According to Richard Franulovich, Head of FX Strategy at Westpac, at current levels the USD is notably at odds with the sharp recovery in risk appetite in recent weeks.
“A long list of potentially disruptive tail risks have diminished recently; the US and China are edging toward a trade-war truce, the odds of a no deal Brexit seem to be declining thanks to the latest maneuverings by the UK parliament and PM May and China’s stronger credit aggregates and the prospect of more fiscal and monetary easing from authorities there is helping guard against hard landing concerns for China.”
“The Fed’s decision to incorporate patience and flexibility into its reaction function, partly as a result of some of the aforementioned risks, has also been a key factor helping risk appetite regain its footing. The US debt ceiling has been re-imposed but the Treasury Department has announced maneuvers to prevent the US from breaching the ceiling that should last through to late Q3/early Q4 this year.”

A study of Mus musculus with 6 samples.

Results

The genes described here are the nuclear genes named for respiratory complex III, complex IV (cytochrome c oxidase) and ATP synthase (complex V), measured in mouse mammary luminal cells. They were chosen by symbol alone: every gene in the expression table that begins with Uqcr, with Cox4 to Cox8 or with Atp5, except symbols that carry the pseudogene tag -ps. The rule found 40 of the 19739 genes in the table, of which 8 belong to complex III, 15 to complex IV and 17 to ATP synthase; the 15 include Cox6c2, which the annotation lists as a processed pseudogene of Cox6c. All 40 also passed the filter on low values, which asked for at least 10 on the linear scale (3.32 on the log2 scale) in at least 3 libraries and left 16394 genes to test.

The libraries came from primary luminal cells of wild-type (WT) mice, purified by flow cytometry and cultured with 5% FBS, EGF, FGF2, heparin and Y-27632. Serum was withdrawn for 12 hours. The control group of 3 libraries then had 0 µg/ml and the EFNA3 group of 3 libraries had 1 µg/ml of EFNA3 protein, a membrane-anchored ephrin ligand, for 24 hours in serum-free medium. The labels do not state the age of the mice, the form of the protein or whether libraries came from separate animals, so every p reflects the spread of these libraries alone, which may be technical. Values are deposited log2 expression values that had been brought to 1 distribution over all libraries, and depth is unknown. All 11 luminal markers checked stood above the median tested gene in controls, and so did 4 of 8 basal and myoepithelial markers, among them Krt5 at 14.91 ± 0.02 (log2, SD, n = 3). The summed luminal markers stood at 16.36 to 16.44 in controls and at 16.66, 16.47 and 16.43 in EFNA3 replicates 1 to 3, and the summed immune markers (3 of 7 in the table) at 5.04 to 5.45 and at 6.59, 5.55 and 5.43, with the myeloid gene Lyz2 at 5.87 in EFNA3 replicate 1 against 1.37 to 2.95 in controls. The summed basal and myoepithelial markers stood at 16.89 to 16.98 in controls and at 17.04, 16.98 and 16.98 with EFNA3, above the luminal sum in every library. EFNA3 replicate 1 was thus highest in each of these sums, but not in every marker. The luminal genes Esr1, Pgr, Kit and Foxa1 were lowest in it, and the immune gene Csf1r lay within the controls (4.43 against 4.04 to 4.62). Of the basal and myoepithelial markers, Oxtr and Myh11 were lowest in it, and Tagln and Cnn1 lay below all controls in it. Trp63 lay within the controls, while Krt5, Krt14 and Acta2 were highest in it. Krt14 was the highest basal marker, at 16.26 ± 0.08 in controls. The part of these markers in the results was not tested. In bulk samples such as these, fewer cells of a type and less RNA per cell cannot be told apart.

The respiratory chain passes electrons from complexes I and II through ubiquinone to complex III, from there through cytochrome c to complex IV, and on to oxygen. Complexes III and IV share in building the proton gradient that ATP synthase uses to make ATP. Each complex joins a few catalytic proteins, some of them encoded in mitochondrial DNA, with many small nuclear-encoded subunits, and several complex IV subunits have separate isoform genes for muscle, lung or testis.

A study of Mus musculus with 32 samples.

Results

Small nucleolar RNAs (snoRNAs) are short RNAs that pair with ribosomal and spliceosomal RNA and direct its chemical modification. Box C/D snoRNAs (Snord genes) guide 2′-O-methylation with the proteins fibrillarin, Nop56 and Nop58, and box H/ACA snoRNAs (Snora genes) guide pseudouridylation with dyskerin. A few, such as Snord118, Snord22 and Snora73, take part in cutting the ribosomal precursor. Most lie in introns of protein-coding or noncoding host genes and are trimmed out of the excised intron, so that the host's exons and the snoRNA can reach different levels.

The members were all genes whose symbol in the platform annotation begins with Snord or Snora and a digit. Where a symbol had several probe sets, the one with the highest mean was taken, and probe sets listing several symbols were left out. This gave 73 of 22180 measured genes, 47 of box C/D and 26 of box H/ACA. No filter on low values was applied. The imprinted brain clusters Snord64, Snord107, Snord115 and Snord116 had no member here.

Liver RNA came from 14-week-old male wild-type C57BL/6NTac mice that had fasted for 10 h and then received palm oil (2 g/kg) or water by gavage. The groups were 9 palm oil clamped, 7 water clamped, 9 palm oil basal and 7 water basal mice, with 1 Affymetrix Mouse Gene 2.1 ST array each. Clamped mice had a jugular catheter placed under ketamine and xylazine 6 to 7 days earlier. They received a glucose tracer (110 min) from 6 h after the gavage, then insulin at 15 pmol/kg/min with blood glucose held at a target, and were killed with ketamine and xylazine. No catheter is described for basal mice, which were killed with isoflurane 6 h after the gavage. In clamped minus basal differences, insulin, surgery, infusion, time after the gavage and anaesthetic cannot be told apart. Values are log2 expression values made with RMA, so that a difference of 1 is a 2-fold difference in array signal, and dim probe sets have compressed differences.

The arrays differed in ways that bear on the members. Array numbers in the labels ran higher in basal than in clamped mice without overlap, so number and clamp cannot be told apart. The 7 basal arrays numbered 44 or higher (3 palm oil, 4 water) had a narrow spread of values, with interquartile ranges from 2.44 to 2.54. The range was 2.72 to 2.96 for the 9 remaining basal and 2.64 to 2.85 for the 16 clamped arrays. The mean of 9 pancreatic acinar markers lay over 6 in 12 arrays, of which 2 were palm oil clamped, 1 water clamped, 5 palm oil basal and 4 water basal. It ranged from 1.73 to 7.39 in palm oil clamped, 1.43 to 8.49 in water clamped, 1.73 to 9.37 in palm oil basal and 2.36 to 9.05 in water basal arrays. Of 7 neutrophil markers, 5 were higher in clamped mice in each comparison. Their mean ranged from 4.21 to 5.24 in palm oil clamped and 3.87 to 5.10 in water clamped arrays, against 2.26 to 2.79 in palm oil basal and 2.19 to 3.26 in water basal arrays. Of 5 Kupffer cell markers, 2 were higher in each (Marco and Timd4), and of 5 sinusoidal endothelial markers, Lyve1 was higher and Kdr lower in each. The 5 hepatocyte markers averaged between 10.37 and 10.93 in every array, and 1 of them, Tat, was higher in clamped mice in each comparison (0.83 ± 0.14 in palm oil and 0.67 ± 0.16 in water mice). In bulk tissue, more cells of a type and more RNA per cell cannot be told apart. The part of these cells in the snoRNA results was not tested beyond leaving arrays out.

“As the probability of various known unknowns has declined market based risk measures have fallen sharply.”
“There have been some pockets of USD weakness (e.g. vs CNH) but on a broad trade weighted basis the USD remains near cycle highs and well above levels one might assume it “should be” trading given the recovery in the risk environment.”
“The idea that the USD retains resiliency because growth expectations and yields have also fallen markedly elsewhere (e.g. the Eurozone and China) doesn’t completely fit the facts either since USD yield support and the magnitude of US economic outperformance have waned in recent months.”
“The USD’s resilience is thus not well explained. That said, there is a long history of “late Fed cycle USD strength”.”